Invasive species are as bad as they sound. Non-native organisms can do serious damage to an ecosystem and its native wildlife, and can also negatively affect a visitor's experience. And it’s not a rare thing either—about half of the country’s national parks have reported issues with some type (or types) of invasive species. The National Park Service reported 1,500 populations of invasive animals as of 2016. Invasive plants cover 1.4 million acres of agency-managed land and water. A study found that more than 300 of the invasive animal species seriously threaten our parks.
So what can be done? The National Park Service is battling invasive species on multiple fronts. From feral hogs and frogs to extra-large pythons and quagga mussels, here are some of the most serious threats, the strategies for getting rid of them, and what you can do to prevent the spread of invasive species.
Grand Canyon National Park
The problem: Tamarisk was introduced to the Southwest in the late 1920s to help battle erosion and stabilize riverbanks, but it spread rapidly and soon dominated the environment—crowding out native cottonwoods and willows. The trees grow in dense stands along rivers and streams and can reach 15 to 50 feet tall. A mature tamarisk can use up to 200 gallons of water per day, and over time tamarisk (also called saltcedar) changes the salinity of the soil on which it sits, which further repels native plants.
It gets worse: The seeds of the tamarisk are low in nutrients, so they’re not sufficient to sustain native species, like birds, and the rampant spread of tamarisk has increased the risk of wildfire. The pervasive plant exists in the Grand Canyon as well as other parks, from Dinosaur National Monument to Arches National Park, and Canyonlands National Park to Glen Canyon National Recreation Area.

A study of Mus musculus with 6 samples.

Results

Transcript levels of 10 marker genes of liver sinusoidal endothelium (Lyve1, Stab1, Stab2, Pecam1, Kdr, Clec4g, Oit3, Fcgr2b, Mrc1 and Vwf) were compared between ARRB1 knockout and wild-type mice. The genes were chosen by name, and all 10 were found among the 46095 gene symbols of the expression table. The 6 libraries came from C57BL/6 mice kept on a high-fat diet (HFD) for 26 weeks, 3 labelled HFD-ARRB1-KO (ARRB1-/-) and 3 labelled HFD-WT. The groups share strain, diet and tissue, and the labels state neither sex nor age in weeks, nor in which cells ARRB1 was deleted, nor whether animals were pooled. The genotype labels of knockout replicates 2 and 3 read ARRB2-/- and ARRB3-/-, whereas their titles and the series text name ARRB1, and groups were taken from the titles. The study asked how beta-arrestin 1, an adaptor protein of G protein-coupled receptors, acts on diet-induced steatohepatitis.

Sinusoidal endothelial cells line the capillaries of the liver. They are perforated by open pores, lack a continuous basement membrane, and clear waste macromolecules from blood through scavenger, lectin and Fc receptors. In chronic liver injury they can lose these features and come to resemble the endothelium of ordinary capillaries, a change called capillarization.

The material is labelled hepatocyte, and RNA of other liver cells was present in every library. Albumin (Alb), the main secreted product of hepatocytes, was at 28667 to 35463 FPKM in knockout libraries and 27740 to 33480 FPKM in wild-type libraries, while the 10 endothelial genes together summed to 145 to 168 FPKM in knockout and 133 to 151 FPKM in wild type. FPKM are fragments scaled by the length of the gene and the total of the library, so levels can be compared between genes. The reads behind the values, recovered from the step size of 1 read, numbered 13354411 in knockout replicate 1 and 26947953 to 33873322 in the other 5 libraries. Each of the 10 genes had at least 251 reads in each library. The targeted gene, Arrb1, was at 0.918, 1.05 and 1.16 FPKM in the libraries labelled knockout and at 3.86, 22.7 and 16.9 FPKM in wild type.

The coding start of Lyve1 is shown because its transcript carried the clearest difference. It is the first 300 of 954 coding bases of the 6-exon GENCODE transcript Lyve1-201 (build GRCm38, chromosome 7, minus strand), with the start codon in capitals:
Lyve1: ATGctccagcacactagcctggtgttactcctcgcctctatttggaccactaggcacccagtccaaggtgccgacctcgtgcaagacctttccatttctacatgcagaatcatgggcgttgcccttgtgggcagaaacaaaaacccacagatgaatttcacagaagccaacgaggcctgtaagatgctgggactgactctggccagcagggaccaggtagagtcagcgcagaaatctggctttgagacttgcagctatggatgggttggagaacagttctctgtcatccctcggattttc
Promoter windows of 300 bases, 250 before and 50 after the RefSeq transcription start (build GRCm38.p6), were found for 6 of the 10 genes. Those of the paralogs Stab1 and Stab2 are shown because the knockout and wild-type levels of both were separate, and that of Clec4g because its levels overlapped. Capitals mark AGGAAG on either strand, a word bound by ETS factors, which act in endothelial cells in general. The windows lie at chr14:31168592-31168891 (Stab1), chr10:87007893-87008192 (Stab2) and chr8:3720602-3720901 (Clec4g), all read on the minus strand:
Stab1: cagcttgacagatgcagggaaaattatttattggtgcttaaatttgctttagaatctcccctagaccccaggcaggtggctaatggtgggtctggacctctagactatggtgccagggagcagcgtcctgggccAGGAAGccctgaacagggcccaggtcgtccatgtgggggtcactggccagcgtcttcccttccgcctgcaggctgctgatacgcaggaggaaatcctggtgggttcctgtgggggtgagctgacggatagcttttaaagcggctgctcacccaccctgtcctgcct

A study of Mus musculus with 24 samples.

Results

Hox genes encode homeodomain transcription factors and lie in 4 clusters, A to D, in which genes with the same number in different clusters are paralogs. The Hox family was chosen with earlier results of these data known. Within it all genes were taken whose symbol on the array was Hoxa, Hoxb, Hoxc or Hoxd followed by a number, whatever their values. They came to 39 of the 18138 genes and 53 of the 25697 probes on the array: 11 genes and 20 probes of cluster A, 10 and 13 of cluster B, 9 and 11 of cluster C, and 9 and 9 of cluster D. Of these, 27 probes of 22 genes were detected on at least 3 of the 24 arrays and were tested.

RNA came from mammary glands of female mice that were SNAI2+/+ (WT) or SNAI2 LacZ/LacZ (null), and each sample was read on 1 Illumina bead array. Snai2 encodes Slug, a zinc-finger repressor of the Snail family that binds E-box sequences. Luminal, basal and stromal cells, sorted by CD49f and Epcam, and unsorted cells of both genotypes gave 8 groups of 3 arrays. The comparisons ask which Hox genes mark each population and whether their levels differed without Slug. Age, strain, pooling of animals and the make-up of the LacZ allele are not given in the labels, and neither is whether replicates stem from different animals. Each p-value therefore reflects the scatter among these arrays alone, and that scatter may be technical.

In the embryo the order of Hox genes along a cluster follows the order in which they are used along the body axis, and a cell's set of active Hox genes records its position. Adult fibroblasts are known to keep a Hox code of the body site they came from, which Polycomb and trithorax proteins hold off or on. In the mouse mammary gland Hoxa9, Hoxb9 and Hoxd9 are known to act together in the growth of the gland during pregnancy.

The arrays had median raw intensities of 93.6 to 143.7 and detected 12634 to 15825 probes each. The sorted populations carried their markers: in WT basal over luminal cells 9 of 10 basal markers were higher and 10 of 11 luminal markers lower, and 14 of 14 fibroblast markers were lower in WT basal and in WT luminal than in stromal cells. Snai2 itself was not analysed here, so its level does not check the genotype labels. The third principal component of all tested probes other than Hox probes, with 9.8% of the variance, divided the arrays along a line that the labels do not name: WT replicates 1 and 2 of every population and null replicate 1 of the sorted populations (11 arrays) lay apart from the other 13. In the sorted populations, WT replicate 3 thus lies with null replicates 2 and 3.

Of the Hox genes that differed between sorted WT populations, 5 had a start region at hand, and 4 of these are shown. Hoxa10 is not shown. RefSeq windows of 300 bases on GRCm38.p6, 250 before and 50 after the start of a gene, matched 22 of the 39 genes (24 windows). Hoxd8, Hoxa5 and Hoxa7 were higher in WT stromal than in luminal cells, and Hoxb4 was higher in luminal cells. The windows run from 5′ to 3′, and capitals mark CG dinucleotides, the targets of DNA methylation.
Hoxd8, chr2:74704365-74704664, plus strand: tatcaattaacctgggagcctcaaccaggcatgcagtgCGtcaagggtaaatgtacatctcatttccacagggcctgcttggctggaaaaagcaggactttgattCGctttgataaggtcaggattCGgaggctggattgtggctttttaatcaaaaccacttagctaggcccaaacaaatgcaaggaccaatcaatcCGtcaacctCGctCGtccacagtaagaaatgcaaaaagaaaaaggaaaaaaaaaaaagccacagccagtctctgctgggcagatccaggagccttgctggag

The plan: In the Grand Canyon alone, 270,000 tamarisk trees have been removed (at last count, in 2009) in order to allow the natural vegetation to recover. Crews cut the trees down with chainsaws, bulldoze them, or use chemical controls. Other land managers in the Southwest introduced the tamarisk beetle, which feeds on tamarisk leaves, killing the trees. However, the beetle is also non-native, and it has spread faster and farther than expected, causing unintended consequences, like threatening the endangered southwestern willow flycatcher in Arizona.
Congaree National Park
Invader: Feral Hogs
The problem: Feral hogs aren’t just a national park problem, they run rampant in dozens of states (at least 42 of them) and their population is estimated at more than 6 million. The hogs have been here for hundreds of years, arriving in the 1500s as a food source for European settlers. According to the USDA the hogs cause about $2.5 billion in damage per year: plowing through crops, tearing up roads, spreading disease, contaminating water, and pushing out native species. This highly destructive species runs rampant at Congaree, where they threaten the park’s forest ecosystem and floodplain. Feral hogs create trail networks, root up the forest floor, reproduce quickly, eat almost anything, are incredibly adaptive, and are aggressive competitors with the park’s native animals like wild turkey and white-tailed deer.
The plan: The park is working on two fronts. Federal trappers hunt and kill the animals in an ongoing removal effort. But there’s no hope of completely eradicating them, so scientists are also planning strategies to reduce the impact of the feral hogs—adapting to the reality that they’re here to stay.